The healthcare industry, especially its biotechnology corner, gave a stellar performance last year with the S&P biotechnology select industry index surging about 70%. The space saw a strong start to 2014 only to slump in the early phase of the second quarter on valuation concerns (read: A Comprehensive Guide to Biotech ETFs).
Having witnessed a rough stretch for about two months, the space started to gather steam from June. Of late, the sector has emerged as a strong performer with ETFs having returned in the range of 5% to 9% over the past one month.
Strong earnings were presumably the sector’s driving force. The Medical sector saw 15.7% earnings growth on 12.3% increase in revenues. Most of the notable companies including Gilead Sciences (GILD), Celgene (CELG), Biogen (BIIB), Alexion Pharmaceuticals (ALXN) and Amgen (AMGN) either beat or at least met earnings expectations in Q2 (read: Biotech Earnings Put These ETFs in Focus).
If this was not enough, the outlook of the sector appears quite promising. The sector has obtained a high grade from various analysts. Within the Zacks Industry classification, the rank of the concerned MED-BIOMED/GENE industry is currently #77, 13 positions up from the past week (as of August 22, 2014). The rank is in the mid 1/3 of all 250 plus industries ranked, highlighting the group’s near-term relatively favorable outlook (read: About Zacks Industry Rank).
With ever-increasing healthcare spending and unappeasable demand for new drugs, the biotechnology sector looks poised for good growth. Furthermore, the U.S. biotech sector represents an attractive investment opportunity thanks to increased M&A and IPO activities.
Rising activities in turn translated into growing investor enthusiasm for these stocks and the concerned ETFs. To add to these, the Affordable Care Act, also known as ‘Obamacare’, spending boom in healthcare in emerging markets and an aging population will pull the sector going forward.
Amid such a situation, investors seeking to tap the latest bullish trend in biotech stocks though a basket approach should look at these ETFs (read: How Will Biotechnology ETFs Finish Out the Year?):
First Trust Amex Biotechnology Index Fund (FBT)
For an equal weight and a smart-beta approach to investing in biotechnology, investors have FBT – a fund that tracks the Amex Biotechnology Index. Investors have to pay a bit more for this unique exposure as costs come in at 60 basis points a year, though volume and assets are still solid at 120,000 shares a day and $1.4 billion, respectively.
The portfolio has a bit of a value tilt which is good news given the constant valuation worries attached to the biotech space, though growth stocks still make up the majority of assets in this ETF.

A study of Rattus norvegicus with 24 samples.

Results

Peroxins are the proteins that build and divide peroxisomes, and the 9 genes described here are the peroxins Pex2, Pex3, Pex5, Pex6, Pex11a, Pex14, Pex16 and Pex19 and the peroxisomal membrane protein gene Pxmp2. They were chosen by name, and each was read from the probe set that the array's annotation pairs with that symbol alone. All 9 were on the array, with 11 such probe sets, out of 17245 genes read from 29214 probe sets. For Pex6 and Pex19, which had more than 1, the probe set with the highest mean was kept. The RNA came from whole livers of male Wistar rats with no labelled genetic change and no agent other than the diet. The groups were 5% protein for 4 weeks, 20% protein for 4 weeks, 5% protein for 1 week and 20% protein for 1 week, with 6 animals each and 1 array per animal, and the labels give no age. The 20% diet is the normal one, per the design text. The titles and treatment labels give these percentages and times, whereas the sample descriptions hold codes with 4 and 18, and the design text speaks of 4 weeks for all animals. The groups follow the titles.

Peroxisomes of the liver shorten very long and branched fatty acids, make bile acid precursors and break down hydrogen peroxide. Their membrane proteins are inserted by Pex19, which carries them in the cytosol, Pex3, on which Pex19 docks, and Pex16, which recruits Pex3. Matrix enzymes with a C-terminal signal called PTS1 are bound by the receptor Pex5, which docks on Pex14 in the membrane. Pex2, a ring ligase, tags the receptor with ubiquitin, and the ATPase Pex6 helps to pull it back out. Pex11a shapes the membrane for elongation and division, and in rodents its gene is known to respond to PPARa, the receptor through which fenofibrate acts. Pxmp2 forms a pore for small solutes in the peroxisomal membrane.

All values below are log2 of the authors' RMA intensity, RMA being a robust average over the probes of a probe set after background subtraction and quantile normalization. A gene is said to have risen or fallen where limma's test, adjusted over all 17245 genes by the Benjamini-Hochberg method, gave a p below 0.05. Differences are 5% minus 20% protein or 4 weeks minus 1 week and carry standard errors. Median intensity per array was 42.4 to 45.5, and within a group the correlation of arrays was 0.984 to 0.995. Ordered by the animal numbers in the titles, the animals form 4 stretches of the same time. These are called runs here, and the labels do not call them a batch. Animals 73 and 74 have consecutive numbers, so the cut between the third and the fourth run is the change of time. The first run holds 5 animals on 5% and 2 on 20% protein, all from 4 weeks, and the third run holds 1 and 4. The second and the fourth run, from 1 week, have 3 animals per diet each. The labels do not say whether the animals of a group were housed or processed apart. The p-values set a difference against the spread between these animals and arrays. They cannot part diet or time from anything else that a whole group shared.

Each company of the 20-stock portfolio makes up about 5% of the total. The fund has added about 26.5% so far this year (as of August 22, 2014). Over the last two weeks, the fund has returned about 6%. The fund has a Zacks ETF Rank #2 (Buy) with a High risk outlook.
Dynamic Biotech &Genome ETF (PBE)
This fund provides exposure to 29 firms by tracking the Dynamic Biotech & Genome Intellidex Index. The fund trades in a lighter volume and has amassed about $387 million in assets. The fund does not have company-specific concentration risks as no firm accounts for more than 6% of the total.
Growth stocks take the centre stage in the portfolio with 72% of assets while large caps account for just 31% share. Expense ratio comes in at 0.63%. PBE has advanced about 24% to date while it has added 4% in the last two weeks. PBE has a Zacks ETF Rank #2 with a Medium risk outlook.
iShares Nasdaq Biotechnology ETF (IBB)
This fund follows the NASDAQ Biotechnology Index, a benchmark of about 120 companies involved in biomedical research. This is the biggest fund in the biotech space having amassed about $5 billion in assets. The ETF charges 48 basis points a year in fees, and sees great volume on assets of over $1 billion.
Growth stocks are a big part of this fund, accounting for about 80% of the total with large caps playing a dominant role, making up just over 60% of assets. The fund has concentration risk with Gilead (9.3%), Celgene (8.9%) and Amgen (8.4%) taking the top three positions.
Probably due to its tilt toward growth stocks, the ETF shed more in this year’s momentum meltdown. The fund has gained about 17.5% from a year-to-date look. Over the last two weeks, the fund has added about 5.9%. IBB has a Zacks ETF Rank #3 (Hold) with a Medium risk outlook.
Market Vectors Biotech ETF (BBH)
This ETF tracks the Market Vectors US Listed Biotech 25 Index, a benchmark of 25 companies in the biotech sector. The fund charges a reasonable 35 basis point fee per year, and sees a paltry volume on assets of about $516 million.
The ETF is heavily focused on large caps and growth stocks, as more than two-thirds of the portfolio falls in the large cap category, while about 80% is classified as growth. In terms of holdings, Gilead Sciences, Amgen, and Celgene take the top three spots and account for about 36% of assets, suggesting a relatively heavy level of concentration.
BBH has returned 16% on a year-to-date basis and 5.9% in the last two-week period. BBH has a Zacks ETF Rank #3 with a Medium risk outlook.